Here at Minx we often get asked questions about the HGV medical exam and about specific medical conditions that prohibit you from driving professionally.
The medical rules governing who can and cannot drive a Heavy Goods Vehicle (HGV) are very strict and for good reason, as losing control of lorry weighing several tons is something that is likely to have lethal consequences.
So just how fit do you need to be to hold a HGV licence?
The guidelines on eyesight are quite clear, in that an HGV driver must be able to read a number plate from a distance of 20 yards with or without the assistance of glasses or contact lenses.
Wearing glasses is fine, so long as your prescription is no higher than +8 and you must have a field of vision of at least 160 degrees. However, an eye condition that will definitely prevent you from retaining your driving licence, be it for a car or lorry, is double vision, which is not acceptable even when treated with an eye patch. If you’re not sure of your current visual health, it’s recommended that you visit your local optician to check.
Whether experiencing minor auras or full seizures, epilepsy is a condition that will preclude you from driving professionally. You’ll only be allowed to get behind the wheel if it’s been at least 5 years since your last seizure and that during that time you’ve not been taking any anti-seizure medications to control it. Again, if unsure, check with your GP or give us a call and we can arrange a quick HGV medical exam to see if you’re fit to drive an HGV.
Any kind of heart issue that’s not being treated is going to be looked at unfavourably during a HGV medical exam, whether talking about angina, strokes or blackouts. You are prevented from driving within 3 months of a heart bypass operation and within 12 months of either a stroke or an unexplained period of unconsciousness.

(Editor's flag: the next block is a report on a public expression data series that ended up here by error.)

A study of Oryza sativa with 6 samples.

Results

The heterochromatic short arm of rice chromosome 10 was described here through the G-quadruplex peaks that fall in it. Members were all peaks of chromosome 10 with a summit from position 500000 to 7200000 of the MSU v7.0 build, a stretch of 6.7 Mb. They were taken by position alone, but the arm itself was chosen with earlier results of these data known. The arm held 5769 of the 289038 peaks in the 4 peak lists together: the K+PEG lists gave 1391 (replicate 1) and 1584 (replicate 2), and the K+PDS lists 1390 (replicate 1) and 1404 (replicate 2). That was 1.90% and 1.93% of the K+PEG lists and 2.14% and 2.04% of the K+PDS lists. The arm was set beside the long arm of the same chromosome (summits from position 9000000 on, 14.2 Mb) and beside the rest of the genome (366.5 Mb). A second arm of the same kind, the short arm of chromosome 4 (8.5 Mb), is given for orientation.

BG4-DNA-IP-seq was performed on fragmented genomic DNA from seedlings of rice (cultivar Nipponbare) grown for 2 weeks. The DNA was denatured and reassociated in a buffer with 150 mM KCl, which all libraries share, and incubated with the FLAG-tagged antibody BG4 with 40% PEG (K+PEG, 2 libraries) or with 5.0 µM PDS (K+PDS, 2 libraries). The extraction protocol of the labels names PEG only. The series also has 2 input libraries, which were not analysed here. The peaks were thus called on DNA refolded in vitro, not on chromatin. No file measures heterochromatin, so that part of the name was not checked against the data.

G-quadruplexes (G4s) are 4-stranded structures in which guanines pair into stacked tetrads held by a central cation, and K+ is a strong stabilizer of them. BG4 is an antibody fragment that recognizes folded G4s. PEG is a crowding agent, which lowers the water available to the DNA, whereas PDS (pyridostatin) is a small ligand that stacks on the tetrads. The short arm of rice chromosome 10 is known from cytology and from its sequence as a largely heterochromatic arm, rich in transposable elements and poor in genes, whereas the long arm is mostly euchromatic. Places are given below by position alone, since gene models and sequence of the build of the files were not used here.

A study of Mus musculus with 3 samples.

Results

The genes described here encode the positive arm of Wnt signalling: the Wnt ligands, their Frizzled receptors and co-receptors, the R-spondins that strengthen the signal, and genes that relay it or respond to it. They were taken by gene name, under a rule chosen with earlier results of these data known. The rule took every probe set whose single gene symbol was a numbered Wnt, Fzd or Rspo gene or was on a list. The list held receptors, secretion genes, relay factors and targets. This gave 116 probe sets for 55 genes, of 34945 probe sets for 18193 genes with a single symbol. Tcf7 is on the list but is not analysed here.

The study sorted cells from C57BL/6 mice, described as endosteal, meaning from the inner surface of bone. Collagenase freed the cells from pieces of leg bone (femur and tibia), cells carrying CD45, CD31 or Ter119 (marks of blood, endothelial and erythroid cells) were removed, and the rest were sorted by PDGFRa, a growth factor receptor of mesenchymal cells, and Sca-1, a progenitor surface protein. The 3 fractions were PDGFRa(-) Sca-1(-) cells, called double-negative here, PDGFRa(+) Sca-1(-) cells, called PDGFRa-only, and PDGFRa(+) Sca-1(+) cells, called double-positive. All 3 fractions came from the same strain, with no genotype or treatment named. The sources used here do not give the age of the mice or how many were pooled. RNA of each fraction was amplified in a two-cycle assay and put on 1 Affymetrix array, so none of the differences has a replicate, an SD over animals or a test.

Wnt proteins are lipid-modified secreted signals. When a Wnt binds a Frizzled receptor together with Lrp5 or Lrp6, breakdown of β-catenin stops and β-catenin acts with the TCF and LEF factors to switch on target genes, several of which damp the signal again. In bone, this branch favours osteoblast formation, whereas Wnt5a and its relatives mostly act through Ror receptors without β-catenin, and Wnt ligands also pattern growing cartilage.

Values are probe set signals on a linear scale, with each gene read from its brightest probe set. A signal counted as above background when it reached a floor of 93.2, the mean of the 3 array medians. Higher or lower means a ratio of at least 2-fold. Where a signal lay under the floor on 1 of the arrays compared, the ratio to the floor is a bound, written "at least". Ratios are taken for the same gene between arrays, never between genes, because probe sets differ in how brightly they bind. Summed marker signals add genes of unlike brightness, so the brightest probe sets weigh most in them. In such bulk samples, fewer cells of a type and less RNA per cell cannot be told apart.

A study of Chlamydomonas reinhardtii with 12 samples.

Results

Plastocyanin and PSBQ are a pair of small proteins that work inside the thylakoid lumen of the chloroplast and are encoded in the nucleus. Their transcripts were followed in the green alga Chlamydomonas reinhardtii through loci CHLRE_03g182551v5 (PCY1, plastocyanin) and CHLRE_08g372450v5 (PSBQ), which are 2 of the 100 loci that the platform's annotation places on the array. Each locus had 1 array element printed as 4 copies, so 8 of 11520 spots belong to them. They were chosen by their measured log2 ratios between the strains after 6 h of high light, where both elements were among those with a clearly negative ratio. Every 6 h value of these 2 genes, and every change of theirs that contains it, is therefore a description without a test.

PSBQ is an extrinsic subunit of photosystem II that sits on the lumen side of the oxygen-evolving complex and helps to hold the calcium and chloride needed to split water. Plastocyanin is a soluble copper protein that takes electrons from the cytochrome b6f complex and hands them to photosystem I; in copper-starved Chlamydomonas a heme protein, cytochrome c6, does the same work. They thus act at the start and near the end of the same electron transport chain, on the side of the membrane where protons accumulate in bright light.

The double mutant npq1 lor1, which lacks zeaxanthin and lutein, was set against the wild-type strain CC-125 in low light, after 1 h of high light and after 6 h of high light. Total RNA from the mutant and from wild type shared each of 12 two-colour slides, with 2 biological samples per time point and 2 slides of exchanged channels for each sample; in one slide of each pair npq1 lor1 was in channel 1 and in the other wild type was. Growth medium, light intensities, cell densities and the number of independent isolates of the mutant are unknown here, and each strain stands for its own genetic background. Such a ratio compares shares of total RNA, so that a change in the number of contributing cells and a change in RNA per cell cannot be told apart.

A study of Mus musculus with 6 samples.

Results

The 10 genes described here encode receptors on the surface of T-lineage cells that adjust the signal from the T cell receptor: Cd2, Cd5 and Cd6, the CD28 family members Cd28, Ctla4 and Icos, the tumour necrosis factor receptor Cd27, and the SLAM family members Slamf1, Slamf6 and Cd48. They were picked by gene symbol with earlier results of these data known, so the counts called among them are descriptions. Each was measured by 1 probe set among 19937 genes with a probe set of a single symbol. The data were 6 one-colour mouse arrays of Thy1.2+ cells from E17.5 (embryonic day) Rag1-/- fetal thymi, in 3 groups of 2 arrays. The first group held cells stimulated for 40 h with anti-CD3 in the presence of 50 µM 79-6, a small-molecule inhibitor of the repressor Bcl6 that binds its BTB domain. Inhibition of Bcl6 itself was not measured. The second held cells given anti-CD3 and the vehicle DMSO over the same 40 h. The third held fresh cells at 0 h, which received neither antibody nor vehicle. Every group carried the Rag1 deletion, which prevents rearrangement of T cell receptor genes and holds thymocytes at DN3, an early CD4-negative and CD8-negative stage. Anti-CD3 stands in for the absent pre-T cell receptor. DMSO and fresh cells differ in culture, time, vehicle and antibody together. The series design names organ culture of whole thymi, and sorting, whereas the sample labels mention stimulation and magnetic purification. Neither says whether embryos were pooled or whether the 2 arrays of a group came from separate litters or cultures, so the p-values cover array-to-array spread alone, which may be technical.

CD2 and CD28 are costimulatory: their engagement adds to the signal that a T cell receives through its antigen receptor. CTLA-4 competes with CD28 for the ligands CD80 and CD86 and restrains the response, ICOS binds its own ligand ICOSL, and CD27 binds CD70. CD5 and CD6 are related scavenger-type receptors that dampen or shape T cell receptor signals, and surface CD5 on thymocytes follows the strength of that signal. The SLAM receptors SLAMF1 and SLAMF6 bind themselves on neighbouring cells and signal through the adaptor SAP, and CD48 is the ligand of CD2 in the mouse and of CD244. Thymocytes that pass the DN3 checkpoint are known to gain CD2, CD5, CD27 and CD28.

With both type 1 and type 2, diabetes if you want to pass your HGV medical exam, you’ll need to demonstrate your ability to keep it under control. This will require twice daily glucose testing and in the case of insulin-treated diabetes, you’ll have to keep 3 months of glucose readings on a personal meter that has a memory function and be able to produce it when requested.
If you’ve had any sort of brain surgery or injury, the likelihood is that you’re not going to be able to drive again, as the chances of cognitive impairment are quite high. Of course, each case is different, but as a rule, in the interests of safety, brain trauma of any kind will prevent you from being a professional driver. The same applies to malignant conditions that are likely to spread to the brain mental issues, like psychosis. Again, if unsure, speak to your GP or consultant.
It’s widely known that sleepiness is a major killer on the roads, so it stands to reason that anything that causes drowsiness is a major problem. Whether talking about sleep apnoea, narcolepsy or even medication for other conditions that cause sleepiness, you won’t be able to drive a lorry or private car.
This list illustrates that having a condition of any kind is not an automatic ban from professional driving.
The rules are fair and designed to ensure that anyone with a driving impairment of any kind and puts others on the road at risk, should not be allowed to get behind the wheel of a car or a heavy good vehicle.
You don’t have to be in perfect physical health, just reasonably healthy and safe behind the wheel. If you would like to know more about anything discussed here or about our extensive range of professional driver training please just get in touch.